September 11, 2013
Oyster, a “Netflix for ebooks,” launches to much fanfare
by Julia Fleischaker
Oyster, a new book subscription app, launched this week to much fanfare. Already being called a “Netflix for books,” (by Mashable, GigaOm, the LA Times, and many more), Oyster works in much the same way as the video service; users will pay a monthly subscription fee for access to all of the Oyster’s books. Business Insider explains, “For $9.95 a month, you can download and enjoy titles from HarperCollins, Workman, Melville House, and Houghton Mifflin Harcourt. Boasting 100,000 titles so far, Oyster is still working to procure more publishing companies to add to its roster.”
So far, reviews have been generally positive. GigaOm’s review noted the attractive design, general quality of the books, and the important distinction that, unlike Netflix’s streaming service, once you add a book to your Oyster reading list, you no longer need an internet connection to access it.
The LA Times, while calling Oyster “promising,” struck a hesitant note, writing that Apple claims “1.8 million titles in its iBookstore while Amazon sells more than 2 million e-books. In fact, Amazon has four times as many exclusive e-books (400,000) as Oyster does altogether.” That Amazon number, of course, includes multitudes of self-published books that may or may not be what Oyster’s customer base is seeking. It’s worth noting that, for now at least, Oyster is only available as an iPhone app, and is not yet available on any other platforms, including the iPad.
In it’s own positive review, Mashable writes,
The novelty of the subscription model for ebooks almost overshadows some of the more subtle but significant changes Oyster is trying to make to the e-reading experience. Like Netflix and Spotify, Oyster doesn’t just provide easier access to content, but also aims to help users discover and share content. The books are organized into genres similar to Netflix and every user has a social profile in the app and can follow the reading activity of other users they’re connected to. There are also built in options to share books to Facebook, Twitter and even Instagram.…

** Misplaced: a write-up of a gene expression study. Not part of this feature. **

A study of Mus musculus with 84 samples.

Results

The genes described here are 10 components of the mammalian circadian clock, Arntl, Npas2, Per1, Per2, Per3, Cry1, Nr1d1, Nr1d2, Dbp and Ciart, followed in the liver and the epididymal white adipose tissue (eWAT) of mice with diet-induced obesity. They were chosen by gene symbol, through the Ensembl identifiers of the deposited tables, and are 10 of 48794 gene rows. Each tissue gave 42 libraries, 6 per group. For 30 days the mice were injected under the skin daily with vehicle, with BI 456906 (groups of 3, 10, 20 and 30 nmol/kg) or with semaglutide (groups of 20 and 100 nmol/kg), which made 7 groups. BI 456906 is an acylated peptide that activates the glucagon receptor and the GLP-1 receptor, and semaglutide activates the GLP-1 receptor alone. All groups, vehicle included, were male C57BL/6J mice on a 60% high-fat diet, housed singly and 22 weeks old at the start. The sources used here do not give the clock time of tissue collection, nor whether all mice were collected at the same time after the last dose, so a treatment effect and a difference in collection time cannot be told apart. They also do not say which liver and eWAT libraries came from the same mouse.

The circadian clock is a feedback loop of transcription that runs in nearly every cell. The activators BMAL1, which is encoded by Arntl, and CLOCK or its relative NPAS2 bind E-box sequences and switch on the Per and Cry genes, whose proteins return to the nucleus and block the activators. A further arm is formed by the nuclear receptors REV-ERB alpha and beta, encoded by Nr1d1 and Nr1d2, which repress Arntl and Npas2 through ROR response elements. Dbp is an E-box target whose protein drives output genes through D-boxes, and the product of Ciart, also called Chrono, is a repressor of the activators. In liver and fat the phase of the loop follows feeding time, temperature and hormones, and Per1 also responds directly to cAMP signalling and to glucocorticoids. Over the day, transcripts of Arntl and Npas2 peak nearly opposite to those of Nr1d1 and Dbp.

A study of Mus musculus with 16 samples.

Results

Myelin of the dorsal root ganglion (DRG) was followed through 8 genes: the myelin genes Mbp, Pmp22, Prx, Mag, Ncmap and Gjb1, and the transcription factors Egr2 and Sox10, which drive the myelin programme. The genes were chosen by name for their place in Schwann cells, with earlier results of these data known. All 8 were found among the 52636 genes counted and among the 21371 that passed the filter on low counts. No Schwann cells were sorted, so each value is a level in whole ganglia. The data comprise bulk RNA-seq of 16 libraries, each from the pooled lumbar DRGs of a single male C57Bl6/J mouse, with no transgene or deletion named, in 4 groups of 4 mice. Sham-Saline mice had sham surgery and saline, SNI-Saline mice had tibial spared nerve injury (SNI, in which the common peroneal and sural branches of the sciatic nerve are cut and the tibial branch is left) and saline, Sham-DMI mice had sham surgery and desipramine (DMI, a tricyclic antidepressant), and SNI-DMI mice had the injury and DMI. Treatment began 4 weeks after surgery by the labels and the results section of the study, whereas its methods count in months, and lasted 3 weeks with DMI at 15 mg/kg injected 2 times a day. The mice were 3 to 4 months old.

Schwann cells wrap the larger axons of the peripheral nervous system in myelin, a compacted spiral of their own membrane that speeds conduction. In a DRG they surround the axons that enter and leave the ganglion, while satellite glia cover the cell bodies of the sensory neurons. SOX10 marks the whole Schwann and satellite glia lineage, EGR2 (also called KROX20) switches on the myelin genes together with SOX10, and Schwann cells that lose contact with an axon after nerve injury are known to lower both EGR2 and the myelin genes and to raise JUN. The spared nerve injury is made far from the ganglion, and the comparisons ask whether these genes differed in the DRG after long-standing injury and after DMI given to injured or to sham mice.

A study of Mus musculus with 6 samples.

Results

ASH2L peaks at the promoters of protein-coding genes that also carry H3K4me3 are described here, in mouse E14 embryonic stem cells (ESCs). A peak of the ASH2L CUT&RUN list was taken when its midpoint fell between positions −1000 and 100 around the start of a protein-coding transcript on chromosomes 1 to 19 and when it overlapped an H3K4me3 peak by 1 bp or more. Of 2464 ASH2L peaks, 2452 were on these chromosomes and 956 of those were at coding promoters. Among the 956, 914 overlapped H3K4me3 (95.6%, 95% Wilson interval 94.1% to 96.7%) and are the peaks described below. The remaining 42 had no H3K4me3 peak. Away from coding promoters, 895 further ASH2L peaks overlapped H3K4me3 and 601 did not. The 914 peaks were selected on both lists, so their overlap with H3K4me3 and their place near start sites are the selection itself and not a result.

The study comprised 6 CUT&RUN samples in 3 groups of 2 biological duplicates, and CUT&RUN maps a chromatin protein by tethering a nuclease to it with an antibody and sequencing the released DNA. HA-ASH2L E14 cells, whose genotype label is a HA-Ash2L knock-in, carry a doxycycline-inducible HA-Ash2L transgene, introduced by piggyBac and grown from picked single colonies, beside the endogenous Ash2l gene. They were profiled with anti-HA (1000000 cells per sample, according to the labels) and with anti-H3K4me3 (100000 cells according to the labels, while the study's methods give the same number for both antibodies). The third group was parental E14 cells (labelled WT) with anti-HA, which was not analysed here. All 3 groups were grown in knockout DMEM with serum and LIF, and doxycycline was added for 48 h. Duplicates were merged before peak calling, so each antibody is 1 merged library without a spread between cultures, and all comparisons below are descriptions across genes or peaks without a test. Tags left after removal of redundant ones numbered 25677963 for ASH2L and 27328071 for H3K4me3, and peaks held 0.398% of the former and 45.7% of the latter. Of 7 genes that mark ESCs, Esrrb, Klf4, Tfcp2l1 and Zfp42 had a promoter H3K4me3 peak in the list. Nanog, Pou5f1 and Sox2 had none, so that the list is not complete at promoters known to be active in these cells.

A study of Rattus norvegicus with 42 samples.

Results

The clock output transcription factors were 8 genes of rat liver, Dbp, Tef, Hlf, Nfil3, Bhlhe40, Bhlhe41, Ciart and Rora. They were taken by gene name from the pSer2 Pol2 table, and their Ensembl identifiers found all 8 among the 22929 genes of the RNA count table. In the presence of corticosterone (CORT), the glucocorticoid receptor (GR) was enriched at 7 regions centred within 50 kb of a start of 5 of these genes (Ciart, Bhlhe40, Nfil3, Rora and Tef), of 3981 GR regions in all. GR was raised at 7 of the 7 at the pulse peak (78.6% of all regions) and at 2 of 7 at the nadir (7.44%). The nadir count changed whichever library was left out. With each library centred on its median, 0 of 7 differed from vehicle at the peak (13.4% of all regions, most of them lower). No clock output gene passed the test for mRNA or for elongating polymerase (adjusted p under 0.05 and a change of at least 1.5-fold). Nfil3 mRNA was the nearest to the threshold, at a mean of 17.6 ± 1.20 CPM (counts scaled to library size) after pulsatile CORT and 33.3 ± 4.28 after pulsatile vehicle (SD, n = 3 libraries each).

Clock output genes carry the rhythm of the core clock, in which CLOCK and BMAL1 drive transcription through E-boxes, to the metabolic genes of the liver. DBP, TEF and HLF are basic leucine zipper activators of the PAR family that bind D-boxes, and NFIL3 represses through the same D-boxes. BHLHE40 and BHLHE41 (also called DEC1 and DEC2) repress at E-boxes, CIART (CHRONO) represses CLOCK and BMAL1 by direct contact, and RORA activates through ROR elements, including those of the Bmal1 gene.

At $9.95 a month, Oyster is slightly more expensive than Netflix’s streaming-only option. That is a better value proposition in the sense that you need only rent one ebook a month to at least break even, whereas you would need to watch multiple movies or show seasons a month on Netflix to come out ahead of typical rental prices in bricks-and-mortar video shops. Unfortunately, a Pew survey from last year found that just 27% of Americans read the equivalent of one or more books per month—digital or physical—which suggests the $120/year could be seen as steep price to pay for many.
For better or worse, the success or failure of Oyster may serve as the ultimate litmus test for whether digital devices increase the consumption of books—in the way that they might with movies—or undermine it.”
Only time will tell if Oyster can produce it’s own blockbuster version of Netflix’s House of Cards or Orange is the New Black, but Oyster is off to a promising start. Melville House cofounder Dennis Johnson, one of the first publishers to sign with the service, says, “Oyster is an idea whose time has come, and it’s being run by some impressive people who seem interested in a retail model that doesn’t necessarily rely on bestsellers. I.e, they see books as more than widgets. So we were pleased to be one of the first publishers they signed.”
Julia Fleischaker is a former director of marketing and publicity at Melville House.